Old Man with a Beard, Fur Cap, and Velvet Cloak

rembrandt_oldman

Old Man with a Beard, Fur Cap, and Velvet Cloak
Circa 1632
Etching
Paper: 5 7/8 x 5 1/8 in.

A fine impression of the second state (of three), with touches of burr on the top of the sitter’s hand and to the left of the right eye

Provenance

Ex coll. Mary Jane Morgan (L. 1879), an unidentified collector’s mark (possibly L. 2169)

Publications

(B., HOLL. 262; H. 92; BB. 32-2)

During his lifetime, Rembrandt’ extraordinary skills as a printmaker were the main source of his international fame. Unlike his works in oil, prints travelled light and were relatively cheap. For this reason, they soon became very popular with collectors not only within, but also beyond the borders of the Netherlands.

In this portrait of an Old Man with a Beard, Fur Cap, and Velvet Cloak, Rembrandt shows off his virtuosity as an etcher, handling different surface textures and their light reflections in a masterly fashion.

An old man, seen in half-length portrait, is sitting in a chair with a heavy velvet cloak draped around his shoulders. Rembrandt depicts the fabric’s soft folds and luxurious sheen by blending fine parallel lines and cross-hatchings, accentuated by a few highlights. A bulky fur cap casts a dark shadow on the man’s face. The light, falling in from the right side, lingers on the man’s long, frizzy beard and his frail right hand, resting on his stomach.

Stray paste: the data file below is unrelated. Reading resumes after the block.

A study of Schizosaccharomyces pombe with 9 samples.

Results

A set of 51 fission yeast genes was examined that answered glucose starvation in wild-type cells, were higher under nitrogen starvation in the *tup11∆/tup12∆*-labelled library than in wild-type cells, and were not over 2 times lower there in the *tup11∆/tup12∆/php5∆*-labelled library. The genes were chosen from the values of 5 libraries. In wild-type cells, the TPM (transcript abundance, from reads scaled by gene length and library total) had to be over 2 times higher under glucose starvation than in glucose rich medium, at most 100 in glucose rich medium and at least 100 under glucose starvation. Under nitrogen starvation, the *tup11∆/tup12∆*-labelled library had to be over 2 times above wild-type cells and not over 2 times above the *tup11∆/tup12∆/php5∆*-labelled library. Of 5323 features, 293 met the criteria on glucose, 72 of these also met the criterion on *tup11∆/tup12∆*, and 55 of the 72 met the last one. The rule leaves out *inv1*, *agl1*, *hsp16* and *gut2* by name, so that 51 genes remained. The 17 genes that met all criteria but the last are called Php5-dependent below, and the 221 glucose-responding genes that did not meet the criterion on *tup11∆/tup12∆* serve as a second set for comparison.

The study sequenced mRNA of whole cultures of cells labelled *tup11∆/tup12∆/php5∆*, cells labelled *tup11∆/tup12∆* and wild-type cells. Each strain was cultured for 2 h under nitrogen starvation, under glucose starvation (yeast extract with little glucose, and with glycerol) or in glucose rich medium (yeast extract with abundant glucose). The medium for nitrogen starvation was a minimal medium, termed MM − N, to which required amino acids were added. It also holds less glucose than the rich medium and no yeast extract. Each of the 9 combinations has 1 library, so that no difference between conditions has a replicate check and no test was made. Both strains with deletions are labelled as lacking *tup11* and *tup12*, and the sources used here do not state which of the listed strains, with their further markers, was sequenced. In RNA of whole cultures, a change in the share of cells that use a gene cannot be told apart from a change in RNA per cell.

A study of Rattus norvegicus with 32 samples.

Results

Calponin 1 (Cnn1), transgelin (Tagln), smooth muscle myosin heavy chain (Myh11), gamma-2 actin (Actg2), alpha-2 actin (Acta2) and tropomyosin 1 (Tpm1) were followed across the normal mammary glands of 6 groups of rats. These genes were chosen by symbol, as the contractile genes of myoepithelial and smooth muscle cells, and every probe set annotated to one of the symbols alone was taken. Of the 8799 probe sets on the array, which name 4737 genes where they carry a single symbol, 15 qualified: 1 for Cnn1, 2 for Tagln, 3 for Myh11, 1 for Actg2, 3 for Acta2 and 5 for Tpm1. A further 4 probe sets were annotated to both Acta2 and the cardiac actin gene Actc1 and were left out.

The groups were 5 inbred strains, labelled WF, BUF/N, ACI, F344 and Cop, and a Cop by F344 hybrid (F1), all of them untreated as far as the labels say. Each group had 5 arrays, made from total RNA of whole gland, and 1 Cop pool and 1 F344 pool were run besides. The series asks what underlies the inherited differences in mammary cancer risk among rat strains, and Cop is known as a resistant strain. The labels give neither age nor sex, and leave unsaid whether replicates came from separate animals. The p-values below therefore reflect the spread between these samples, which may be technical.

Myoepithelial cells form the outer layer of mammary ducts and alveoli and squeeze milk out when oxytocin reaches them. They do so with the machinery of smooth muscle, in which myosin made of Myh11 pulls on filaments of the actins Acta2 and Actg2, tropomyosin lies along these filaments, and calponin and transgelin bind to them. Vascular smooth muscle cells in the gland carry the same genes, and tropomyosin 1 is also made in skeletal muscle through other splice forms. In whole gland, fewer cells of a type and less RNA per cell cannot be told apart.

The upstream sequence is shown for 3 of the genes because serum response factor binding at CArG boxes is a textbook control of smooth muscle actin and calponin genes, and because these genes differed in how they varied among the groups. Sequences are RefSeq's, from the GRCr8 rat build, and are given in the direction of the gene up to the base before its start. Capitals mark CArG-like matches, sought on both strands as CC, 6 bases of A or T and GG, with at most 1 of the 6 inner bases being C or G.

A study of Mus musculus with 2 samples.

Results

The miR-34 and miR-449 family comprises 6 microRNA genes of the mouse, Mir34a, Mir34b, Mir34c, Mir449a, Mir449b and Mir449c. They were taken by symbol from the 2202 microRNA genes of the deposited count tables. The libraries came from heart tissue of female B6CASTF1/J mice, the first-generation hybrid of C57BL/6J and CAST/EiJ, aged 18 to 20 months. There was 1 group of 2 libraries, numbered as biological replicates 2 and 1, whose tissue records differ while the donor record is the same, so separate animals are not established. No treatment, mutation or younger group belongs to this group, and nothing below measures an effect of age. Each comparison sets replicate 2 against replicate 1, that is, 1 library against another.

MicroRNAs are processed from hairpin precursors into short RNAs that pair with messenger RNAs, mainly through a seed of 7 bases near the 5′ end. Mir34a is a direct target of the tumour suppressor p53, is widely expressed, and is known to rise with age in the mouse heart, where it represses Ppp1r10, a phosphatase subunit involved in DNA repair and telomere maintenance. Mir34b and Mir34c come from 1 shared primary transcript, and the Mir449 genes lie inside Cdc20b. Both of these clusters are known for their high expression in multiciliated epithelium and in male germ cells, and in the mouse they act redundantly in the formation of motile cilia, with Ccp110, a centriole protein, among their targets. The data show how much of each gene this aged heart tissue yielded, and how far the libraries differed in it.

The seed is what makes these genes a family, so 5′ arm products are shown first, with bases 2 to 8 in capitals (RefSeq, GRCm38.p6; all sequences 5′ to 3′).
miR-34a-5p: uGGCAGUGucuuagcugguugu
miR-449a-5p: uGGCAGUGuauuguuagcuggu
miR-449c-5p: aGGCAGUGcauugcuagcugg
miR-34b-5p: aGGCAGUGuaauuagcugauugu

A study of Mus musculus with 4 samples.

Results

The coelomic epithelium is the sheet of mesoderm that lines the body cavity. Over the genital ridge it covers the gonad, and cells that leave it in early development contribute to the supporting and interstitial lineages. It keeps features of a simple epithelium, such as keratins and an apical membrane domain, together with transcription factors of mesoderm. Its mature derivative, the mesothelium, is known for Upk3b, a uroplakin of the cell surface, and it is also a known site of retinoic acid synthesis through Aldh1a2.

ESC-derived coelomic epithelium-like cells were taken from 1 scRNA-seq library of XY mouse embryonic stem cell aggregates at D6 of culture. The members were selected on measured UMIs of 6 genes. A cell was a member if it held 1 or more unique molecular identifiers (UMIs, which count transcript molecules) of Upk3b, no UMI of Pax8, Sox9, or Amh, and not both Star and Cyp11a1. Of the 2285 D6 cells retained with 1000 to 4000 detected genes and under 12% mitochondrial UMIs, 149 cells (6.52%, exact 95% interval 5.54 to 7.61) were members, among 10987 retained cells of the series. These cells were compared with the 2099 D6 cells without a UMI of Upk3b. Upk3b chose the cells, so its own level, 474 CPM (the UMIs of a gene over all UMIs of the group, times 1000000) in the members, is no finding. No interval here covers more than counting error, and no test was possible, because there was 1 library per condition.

The old man, who actually appears in several of Rembrandt’s prints (B.260, B.309, B.312, B.315, B.325) remains unidentified.[1] In 1878, Charles Henry Middleton suggested, that he could possibly be Rembrandt’s father. Due to similarities in scale, signature and execution, he believed this print to be a pendant to the Artist’s Mother Seated at a Table. He admitted, however, that the old man’s exotic costume rather resembled the attire of a rabbi than that of a ‘quiet burgher’.[2] Today Middleton’s idea is dismissed by most scholars. Rembrandt’s father died in 1630, two years before this print was executed.

1
Rembrandt van Rijn,
The Artist`s Mother Seated at a Table (B.343)

 


[1] E. Hinterding, Ger Luijten, M. Royalton-Kisch, Rembrandt the Printmaker, Amsterdam 200, p.115[2] Ibid.